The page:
Sometimes it’s good to take a break. Whenever there’s a chance to just get away from it all, it might be the right thing to do.
That’s been the case this week for Michigan State. With the Big Ten tournament done a week earlier than usual, the Spartans have used the time off – which coincided with spring break at MSU – wisely by heading to Chicago to take in a Bulls game, practice at the NBA team’s facility and even catch a performance of “Hamilton.”
Now back on campus, the Spartans are dialing in on the court, hitting the practice floor and putting in plenty of film study ahead of Selection Sunday, which will reveal where they’ll be placed in the NCAA Tournament.
The break has, no doubt, been a bit of a reprieve for a team that won the Big Ten regular-season championship and piled up 28 victories before heading to New York for the conference tournament. Things didn’t go as well at Madison Square Garden as Michigan State held off Wisconsin, then got knocked out in the semifinals by Michigan.
Since then, the Spartans have been a popular target for the critics as the constant guessing of what the NCAA bracket will look like continues. Michigan State won’t be a No. 1 seed and the chances it plays close to home the first weekend are uncertain at best.
The Spartans don’t deserve it, the naysayers point out. They don’t have the top wins that other teams do. Their schedule wasn’t as hard in conference and if they had played teams like Michigan and Purdue on the road they wouldn’t have won the Big Ten.
It might all be true.
What’s also true, though, is Michigan State didn’t suddenly become a bad team because it didn’t win the Big Ten tournament. It’s still as talented as any team in the nation and has blowout wins against North Carolina and Notre Dame to prove it, not to mention playing Duke to the wire in the second game of the season.
This week, coach Tom Izzo said those doubting his team and being upset about losing four games were “crazy.”
But there have been reasons Michigan State hasn’t looked as dominant over the last month or so. When the Spartans are hitting on all cylinders, they’re tough to beat. But some of those cylinders have been misfiring at different times lately.
What needs to happen for the Spartans to get on a roll and potentially win six in a row and the NCAA title? Here’s a look at some of the keys.
Time for Bridges to soar
The No. 1 reason Miles Bridges decided to return for his sophomore season was to win a national championship. Well, that time is here and it will be interesting to see how Bridges handles it. There is no doubting his will to win, and he started to take over late in the loss to Michigan as the offense started to work through him in the post.
It might not be fair to put so much on one player, but Bridges can be the one who puts this team on his shoulders. It doesn’t mean he has to score 30 points every game, but he needs to be the star we have seen in flashes. All the off-court stuff affected him for a short time, but he appears to have put that in the past. Now it’s time for him to take over.
More scoring from Langford
Joshua Langford has been one of Michigan State’s better defenders recently, but for the sophomore to truly reach his potential, he needs to score. Since scoring 15 in a win at Iowa – his fourth straight game in double figures – Langford has scored in double figures just once in the last seven games. He scored a total of six points in two conference tournament games and shot 3-for-14.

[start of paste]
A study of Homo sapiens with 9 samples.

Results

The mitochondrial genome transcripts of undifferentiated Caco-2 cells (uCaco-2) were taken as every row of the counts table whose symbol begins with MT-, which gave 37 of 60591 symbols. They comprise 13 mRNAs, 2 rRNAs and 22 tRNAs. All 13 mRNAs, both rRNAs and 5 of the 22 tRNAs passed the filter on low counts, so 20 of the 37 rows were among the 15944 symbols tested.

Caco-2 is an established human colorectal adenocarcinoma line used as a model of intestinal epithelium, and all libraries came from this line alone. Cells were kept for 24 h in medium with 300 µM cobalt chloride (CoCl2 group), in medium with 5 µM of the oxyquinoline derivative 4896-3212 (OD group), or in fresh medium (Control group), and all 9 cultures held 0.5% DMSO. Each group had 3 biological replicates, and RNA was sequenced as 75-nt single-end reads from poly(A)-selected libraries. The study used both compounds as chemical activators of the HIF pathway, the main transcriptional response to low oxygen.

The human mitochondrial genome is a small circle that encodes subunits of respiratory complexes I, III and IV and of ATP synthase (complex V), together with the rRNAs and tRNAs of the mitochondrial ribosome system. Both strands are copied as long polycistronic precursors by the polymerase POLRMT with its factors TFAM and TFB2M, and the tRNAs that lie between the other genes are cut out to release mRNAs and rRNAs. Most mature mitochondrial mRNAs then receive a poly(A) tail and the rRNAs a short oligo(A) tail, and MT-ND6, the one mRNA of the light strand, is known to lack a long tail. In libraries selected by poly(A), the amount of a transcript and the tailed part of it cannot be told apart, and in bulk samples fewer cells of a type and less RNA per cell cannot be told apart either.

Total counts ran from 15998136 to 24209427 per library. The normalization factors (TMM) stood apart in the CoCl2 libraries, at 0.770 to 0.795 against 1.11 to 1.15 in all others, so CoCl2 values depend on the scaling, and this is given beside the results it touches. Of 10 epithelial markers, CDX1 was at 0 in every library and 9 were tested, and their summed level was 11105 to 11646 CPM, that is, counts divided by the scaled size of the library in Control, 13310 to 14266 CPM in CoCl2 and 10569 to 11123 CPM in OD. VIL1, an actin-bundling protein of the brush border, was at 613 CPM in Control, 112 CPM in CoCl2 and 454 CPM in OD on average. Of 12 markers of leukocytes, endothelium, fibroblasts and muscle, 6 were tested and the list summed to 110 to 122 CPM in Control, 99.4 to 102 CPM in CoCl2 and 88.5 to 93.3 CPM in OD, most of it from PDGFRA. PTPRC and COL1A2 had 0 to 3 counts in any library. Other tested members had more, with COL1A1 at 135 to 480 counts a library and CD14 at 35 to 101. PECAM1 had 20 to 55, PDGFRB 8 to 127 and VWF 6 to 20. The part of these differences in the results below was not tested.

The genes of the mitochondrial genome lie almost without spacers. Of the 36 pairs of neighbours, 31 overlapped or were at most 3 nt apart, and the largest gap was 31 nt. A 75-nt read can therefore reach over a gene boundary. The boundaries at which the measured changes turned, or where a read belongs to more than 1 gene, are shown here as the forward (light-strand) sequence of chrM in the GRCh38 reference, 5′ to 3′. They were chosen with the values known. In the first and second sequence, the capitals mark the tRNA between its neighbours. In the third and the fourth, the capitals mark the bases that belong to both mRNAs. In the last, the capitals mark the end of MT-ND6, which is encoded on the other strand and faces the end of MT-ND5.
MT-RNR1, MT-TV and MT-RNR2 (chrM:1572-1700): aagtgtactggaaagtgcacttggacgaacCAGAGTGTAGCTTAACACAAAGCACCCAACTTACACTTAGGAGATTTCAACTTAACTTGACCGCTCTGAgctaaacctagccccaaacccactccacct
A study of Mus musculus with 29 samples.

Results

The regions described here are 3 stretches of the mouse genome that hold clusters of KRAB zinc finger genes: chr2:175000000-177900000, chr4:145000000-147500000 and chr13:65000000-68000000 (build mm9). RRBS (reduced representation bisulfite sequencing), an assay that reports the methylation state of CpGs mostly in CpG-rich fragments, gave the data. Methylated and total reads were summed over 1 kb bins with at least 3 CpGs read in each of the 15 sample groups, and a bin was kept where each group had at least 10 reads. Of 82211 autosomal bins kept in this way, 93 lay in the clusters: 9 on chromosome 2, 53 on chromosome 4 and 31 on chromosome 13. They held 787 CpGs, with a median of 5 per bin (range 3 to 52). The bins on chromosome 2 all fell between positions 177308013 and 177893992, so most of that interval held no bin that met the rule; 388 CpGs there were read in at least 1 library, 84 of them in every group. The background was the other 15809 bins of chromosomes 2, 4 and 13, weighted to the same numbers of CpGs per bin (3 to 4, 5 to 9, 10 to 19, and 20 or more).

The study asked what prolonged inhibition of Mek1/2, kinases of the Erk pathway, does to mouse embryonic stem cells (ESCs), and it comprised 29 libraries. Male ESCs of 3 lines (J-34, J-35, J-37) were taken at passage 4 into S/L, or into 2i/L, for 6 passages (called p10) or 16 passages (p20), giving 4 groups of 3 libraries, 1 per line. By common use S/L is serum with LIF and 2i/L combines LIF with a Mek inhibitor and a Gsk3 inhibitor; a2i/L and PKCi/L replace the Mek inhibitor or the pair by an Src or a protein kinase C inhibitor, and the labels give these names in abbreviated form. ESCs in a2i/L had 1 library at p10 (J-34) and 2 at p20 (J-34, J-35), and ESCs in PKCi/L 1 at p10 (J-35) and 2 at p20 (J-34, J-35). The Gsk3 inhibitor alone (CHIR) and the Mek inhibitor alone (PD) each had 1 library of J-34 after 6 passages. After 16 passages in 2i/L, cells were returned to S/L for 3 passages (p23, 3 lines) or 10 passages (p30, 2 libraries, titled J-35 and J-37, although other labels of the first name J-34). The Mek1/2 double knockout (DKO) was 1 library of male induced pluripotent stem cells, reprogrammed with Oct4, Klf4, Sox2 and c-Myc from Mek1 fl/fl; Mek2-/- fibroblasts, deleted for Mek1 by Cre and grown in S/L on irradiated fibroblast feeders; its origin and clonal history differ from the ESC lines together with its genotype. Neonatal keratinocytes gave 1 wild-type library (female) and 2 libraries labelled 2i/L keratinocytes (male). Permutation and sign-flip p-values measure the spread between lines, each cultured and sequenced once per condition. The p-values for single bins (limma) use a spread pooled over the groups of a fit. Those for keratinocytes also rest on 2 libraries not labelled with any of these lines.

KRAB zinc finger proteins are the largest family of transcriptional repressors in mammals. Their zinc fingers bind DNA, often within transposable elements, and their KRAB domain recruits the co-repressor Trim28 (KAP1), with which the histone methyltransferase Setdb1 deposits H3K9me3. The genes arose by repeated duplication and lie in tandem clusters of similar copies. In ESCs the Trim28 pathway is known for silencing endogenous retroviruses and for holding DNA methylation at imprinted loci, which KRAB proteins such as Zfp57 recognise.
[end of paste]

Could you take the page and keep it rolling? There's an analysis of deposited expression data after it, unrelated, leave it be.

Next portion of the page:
For Michigan State’s offense to be effective, it needs more from Langford. In the first 15 games of the season, Langford failed to reach double figures only four times. He scored a career-high 23 in the win over North Carolina and followed that with 17 against Notre Dame. The Spartans need that Joshua Langford to reemerge.
Fewer fouls by Jackson
Michigan State is a different team with Jaren Jackson Jr. on the court. It took him a little more than half the season to establish a new mark for blocked shots in a season at Michigan State and at 6-foot-11, few teams can matchup with him at the power forward spot. A likely lottery pick in this summer’s NBA Draft, Jackson had 19 points and seven rebounds against Duke and had a stretch of 11 straight games scoring in double figures.
However, Jackson has had all sorts of problems staying out of foul trouble, which has cut into his minutes. He committed nine fouls in two conference tournament games and has fouled out five times this season. Getting Jackson to stay off the bench could be the difference for MSU over the next few weeks.
Get Winston back on track
Cassius Winston entered the Big Ten tournament as the top 3-point shooter in the nation and had made 16-of-20 over a four-game stretch, including a perfect 6-for-6 in the regular-season finale at Wisconsin. However, the sophomore was just 1-for-11 in two games at Madison Square Garden.
Scoring isn’t the only way Winston helps the Spartans – he averaged five assists over the final four games – but it’s been a big part of Michigan State’s offense. He doesn’t need to be perfect, but the Spartans will enter the NCAA Tournament hoping Winston’s shooting last weekend in New York was an aberration.
A little help, bench
There might not be anything that fans freak out about more than Izzo’s rotation. Nick Ward should play more. Why is Jackson on the bench? Tum Tum Nairn should never play. You hear it all, and sometimes, there are legitimate reasons to second-guess.
But the bottom line is the Spartans have depth. Matt McQuaid has been one of the team’s better players over the last few weeks while Gavin Schilling and Kenny Goins bring upgrades on the defensive end. Add in the continual progression of Xavier Tillman, and MSU has options. Should the starting five seen the bulk of the minutes? Yes, and they do. But any long tournament run will almost certainly require some huge minutes from the bench.